Jonathan, Obama’s performance at the G-8 was underwhelming and dangerous on multiple levels. As you point out, his lack of leadership on Iran was perhaps the most visible shortcoming. But in fact, his entire approach to nuclear proliferation and his ability to resist and confront our adversaries are profoundly underwhelming. Charles Krauthammer observes:
Obama says that his START will be a great boon, setting an example to enable us to better pressure North Korea and Iran to give up their nuclear programs. That a man of Obama’s intelligence can believe such nonsense is beyond comprehension. There is not a shred of evidence that cuts by the great powers — the INF treaty, START I, the Treaty of Moscow (2002) — induced the curtailment of anyone’s programs. Moammar Gaddafi gave up his nukes the week we pulled Saddam Hussein out of his spider hole. No treaty involved. The very notion that Kim Jong Il or Mahmoud Ahmadinejad will suddenly abjure nukes because of yet another U.S.-Russian treaty is comical.The pursuit of such an offensive weapons treaty could nonetheless be detrimental to us. Why? Because Obama’s hunger for a diplomatic success, such as it is, allowed the Russians to exact a price: linkage between offensive and defensive nuclear weapons.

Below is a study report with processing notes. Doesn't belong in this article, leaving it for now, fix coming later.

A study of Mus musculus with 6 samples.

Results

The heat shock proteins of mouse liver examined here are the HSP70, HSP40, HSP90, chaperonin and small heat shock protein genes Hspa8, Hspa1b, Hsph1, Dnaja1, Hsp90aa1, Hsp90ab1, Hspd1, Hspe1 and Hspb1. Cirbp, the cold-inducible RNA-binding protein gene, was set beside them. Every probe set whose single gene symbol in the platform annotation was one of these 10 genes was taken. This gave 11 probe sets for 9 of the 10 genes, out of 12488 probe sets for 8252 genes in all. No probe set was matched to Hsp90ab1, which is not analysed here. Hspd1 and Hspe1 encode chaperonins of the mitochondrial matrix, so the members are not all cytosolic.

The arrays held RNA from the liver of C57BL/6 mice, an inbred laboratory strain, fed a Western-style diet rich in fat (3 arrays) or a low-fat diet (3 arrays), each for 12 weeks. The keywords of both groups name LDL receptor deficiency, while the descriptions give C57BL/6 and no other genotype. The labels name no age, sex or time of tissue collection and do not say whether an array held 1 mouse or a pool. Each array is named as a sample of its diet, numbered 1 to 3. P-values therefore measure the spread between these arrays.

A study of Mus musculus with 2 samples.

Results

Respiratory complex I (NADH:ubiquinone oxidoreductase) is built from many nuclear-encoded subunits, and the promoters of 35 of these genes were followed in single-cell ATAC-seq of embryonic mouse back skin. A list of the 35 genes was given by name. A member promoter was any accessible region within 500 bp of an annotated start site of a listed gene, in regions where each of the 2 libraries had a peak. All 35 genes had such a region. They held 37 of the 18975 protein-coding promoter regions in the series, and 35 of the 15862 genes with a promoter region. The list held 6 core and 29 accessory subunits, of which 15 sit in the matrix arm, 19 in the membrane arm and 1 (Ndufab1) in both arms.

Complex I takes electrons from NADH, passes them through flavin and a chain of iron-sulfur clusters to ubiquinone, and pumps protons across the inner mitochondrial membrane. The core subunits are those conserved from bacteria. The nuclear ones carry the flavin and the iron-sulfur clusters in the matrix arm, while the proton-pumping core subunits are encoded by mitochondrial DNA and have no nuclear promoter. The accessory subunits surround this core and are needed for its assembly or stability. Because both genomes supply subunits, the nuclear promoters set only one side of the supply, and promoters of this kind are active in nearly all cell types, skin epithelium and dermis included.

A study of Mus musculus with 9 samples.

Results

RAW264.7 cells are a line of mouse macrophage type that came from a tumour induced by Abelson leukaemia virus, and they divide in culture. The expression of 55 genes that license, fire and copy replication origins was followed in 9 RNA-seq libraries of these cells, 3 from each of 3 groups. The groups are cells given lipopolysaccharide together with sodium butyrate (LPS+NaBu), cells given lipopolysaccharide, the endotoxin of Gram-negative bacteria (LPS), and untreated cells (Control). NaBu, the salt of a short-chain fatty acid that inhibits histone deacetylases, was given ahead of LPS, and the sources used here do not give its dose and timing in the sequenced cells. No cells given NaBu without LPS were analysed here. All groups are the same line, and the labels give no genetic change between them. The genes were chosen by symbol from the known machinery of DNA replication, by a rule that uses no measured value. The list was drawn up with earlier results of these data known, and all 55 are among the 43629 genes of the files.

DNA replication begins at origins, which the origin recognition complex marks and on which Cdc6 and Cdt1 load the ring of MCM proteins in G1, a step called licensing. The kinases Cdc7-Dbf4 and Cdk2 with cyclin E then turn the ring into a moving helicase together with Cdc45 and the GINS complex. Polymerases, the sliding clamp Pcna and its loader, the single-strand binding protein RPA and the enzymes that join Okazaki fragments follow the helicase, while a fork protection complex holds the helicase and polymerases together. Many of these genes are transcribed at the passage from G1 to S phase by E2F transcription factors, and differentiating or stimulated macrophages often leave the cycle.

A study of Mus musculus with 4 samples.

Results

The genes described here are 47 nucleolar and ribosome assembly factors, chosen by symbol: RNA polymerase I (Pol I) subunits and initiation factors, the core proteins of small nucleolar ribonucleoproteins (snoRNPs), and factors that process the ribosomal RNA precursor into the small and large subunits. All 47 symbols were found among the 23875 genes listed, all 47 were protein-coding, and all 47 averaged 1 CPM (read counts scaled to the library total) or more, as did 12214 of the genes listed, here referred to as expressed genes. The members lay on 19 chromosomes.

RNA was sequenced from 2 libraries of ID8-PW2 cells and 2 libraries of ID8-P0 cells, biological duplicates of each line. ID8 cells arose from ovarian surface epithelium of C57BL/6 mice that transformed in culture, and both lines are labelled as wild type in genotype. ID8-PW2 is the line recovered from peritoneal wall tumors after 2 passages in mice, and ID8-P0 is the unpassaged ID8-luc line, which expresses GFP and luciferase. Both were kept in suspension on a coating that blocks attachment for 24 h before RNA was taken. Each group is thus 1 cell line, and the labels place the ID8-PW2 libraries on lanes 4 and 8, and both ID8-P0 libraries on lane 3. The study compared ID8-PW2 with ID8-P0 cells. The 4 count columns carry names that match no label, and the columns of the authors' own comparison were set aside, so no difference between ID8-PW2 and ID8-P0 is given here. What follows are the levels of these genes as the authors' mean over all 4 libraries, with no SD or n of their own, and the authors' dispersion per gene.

And Obama seems willing to bargain away a missile shield for Eastern Europe and pussy-foot around Russian aggression. (“[A]s the reset master phrased it with such delicacy in his Kremlin news conference: ‘our disagreements on Georgia’s borders.'”) This is plainly not a president willing to say “no” either rhetorically or otherwise to the demands of muscle-flexers and international bullies. It is easy I suppose to “get along” with others when you simply relent on every issue of consequence. Indeed, America can please many nations by letting them run amok, acquire nuclear weapons, threaten their neighbors, oppress dissidents, and engage in other objectionable behaviors. It remains an open question whether the president lacks the understanding to recognize such behavior as objectionable (i.e. if one is a moral relativist, such issues are only differences of opinion) or the will to exert American influence, or the nerve to stand up to criticism, which inevitably follows when America opposes tyrants, bullies, and rogue states.
And then there is the possibility that the president, like Garbo, simply wants to be left alone — in his case, to work on his precious domestic agenda. (That’s not going so well these days but it clearly holds his interest.) Unfortunately, when the U.S. recedes from its international responsibilities, the world becomes a more dangerous and violent place. The president may shirk from confrontation but the rest of the world does not.